The £95,000 cap on public sector exit payments will hinder the transformation of local government, penalise councils and make younger staff redundant, the Society of Local Authority Chief Executive and Senior Managers (Solace) has warned.

It is “strongly opposed” to the new regulations outlined in the government’s consultation, as it believes the cap will create “unnecessary regulatory barriers” when combined with the cumulative impact of previous measures to “constrain the pay and pensions of senior staff”.

The consultation, which closes today, was published on 31 July seeking views on proposals to implement a £95,000 cap on the total value of exit payments made to workers when they leave public sector employment.

Answering the government’s consultation paper, Solace said new proposals could impact long-serving staff members on a salary of £39,000.

The measure would reduce the flexibility and mobility of the workforce, as well as stopping councils from being able to re-organise, thus slowing the transition to new ways of working.

The move would also exacerbate “existing difficulties” of filling senior positions, especially in councils facing significant recruitment challenges, and therefore likely be “discriminatory in terms of age”.

Graeme McDonald, director of Solace, who sits on PSE’s editorial board, said: “The government should be doing more to attract high-quality applicants from a broad range of sectors to senior roles within the public sector.

“The government has regularly agreed that professionals from the private and third sector would make a positive contribution to providing more effective and efficient public service and that we need to do more to build the capacity and capability of those leading on public institutions.

“However, these proposed regulations are a significant retrograde step in this endeavour. The disincentives to move from the private to the public sector will be too great.”

He added that the proposals would also discourage high-quality applicants from becoming middle or senior managers, and create “perverse incentives” that would drive new entrants and existing middle and senior managers towards agency roles, interim positions, and self-employment.

Other “age discriminatory” elements, such as limiting early retirement benefits, could lead to staff aged over 55 not leaving the job voluntarily, meaning staff under 55 would consequently be made compulsorily redundant.

McDonald added: “Given the scale of transformation and re-organisation that the sector is currently undertaking, this risks a displacement of younger employees resulting in an even older age profile for public sector employees. The overall impact in terms of service delivery, the quality of the pipeline for senior staff and the viability of pension schemes will be highly negative.”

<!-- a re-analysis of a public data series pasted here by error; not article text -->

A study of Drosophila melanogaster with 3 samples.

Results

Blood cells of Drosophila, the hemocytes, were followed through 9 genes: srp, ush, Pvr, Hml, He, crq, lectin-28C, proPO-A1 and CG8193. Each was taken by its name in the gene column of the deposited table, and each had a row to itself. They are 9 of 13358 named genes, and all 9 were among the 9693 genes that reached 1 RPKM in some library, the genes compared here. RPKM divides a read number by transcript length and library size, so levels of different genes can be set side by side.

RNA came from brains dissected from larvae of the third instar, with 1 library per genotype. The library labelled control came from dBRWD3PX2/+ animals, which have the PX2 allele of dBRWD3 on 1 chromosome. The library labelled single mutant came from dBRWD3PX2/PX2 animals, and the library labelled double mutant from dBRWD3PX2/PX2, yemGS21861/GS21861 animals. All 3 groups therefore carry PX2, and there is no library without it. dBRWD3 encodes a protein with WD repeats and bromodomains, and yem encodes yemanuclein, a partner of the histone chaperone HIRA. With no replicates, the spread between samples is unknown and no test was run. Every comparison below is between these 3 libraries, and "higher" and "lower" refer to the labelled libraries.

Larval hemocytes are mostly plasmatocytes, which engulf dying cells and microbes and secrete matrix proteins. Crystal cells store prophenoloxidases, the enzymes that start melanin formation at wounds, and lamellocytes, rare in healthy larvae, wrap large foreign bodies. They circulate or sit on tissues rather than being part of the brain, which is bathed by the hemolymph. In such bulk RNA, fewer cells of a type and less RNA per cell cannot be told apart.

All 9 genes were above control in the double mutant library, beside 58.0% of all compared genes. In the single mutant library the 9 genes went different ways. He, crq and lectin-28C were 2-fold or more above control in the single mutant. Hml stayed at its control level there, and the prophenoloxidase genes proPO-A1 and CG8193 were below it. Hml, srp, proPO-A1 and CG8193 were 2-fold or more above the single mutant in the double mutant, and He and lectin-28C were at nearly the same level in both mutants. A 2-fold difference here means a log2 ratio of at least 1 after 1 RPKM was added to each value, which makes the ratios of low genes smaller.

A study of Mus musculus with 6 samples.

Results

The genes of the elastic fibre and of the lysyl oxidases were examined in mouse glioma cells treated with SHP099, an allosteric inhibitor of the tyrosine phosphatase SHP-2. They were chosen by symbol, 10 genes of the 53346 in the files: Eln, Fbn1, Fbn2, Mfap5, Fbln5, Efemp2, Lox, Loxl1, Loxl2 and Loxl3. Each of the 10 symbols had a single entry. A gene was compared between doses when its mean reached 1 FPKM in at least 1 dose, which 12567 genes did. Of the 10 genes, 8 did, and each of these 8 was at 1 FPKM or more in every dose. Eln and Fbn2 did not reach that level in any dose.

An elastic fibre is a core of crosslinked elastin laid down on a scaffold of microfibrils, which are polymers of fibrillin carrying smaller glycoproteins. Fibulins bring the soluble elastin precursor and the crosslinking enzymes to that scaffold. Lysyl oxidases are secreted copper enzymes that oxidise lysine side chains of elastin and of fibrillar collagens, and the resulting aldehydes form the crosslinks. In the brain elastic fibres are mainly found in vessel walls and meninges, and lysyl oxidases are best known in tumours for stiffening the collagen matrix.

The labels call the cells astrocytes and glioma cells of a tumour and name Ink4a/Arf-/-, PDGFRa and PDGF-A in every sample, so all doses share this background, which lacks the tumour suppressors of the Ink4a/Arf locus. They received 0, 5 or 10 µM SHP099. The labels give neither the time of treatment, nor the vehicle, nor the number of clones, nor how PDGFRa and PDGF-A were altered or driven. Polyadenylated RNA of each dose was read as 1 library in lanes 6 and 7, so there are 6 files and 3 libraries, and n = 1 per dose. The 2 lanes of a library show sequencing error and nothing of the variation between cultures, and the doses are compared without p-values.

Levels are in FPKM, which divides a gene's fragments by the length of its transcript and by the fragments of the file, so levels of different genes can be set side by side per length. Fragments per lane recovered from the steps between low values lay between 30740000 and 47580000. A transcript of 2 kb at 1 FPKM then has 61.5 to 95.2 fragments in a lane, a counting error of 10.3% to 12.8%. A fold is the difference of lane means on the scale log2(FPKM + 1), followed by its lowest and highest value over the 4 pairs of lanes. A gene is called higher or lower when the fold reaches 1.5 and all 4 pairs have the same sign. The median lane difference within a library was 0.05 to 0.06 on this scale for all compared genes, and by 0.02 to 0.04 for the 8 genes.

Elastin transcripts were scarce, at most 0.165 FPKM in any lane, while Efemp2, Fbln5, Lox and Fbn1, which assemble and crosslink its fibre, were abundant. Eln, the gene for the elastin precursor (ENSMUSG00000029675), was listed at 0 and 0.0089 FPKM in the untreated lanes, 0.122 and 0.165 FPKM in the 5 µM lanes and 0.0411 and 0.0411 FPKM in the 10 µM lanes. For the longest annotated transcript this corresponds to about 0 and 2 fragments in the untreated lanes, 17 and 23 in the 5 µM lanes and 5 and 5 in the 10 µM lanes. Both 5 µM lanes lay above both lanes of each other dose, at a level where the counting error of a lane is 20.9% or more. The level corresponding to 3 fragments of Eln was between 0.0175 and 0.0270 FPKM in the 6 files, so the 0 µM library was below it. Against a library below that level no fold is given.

Furthermore Solace has warned that should the government implement the cap, there would be a risk in increasing the overall cost of exits to the UK taxpayer due to a “significant increase in litigation and notice periods, gardening leave and protect employment disputes”.

They noted that the move would ultimately “undermine the independent accountability of local government” as it “fails to recognise the distinct openness and transparency of our local democratic system”.

It accused the proposal of being “badly targeted and unnecessary”, especially as the average cost of exit packages in local government costing less than in central government and public corporations.

Furthermore Solace slammed the government for giving a short amount of time for people to respond to the consultation, denouncing it for being at odds with their own ‘consultation principles guidance’ – the consequences of which would include narrow responses that cannot fully consider the impact of what is being suggested.

“This creates significant risk of discrimination or other adverse unintended consequences not being recognised, exposing the sector to legal challenge if implemented,” McDonald said.

The government wants to introduce the cap as a part of the Enterprise Bill, due to be published after summer recess.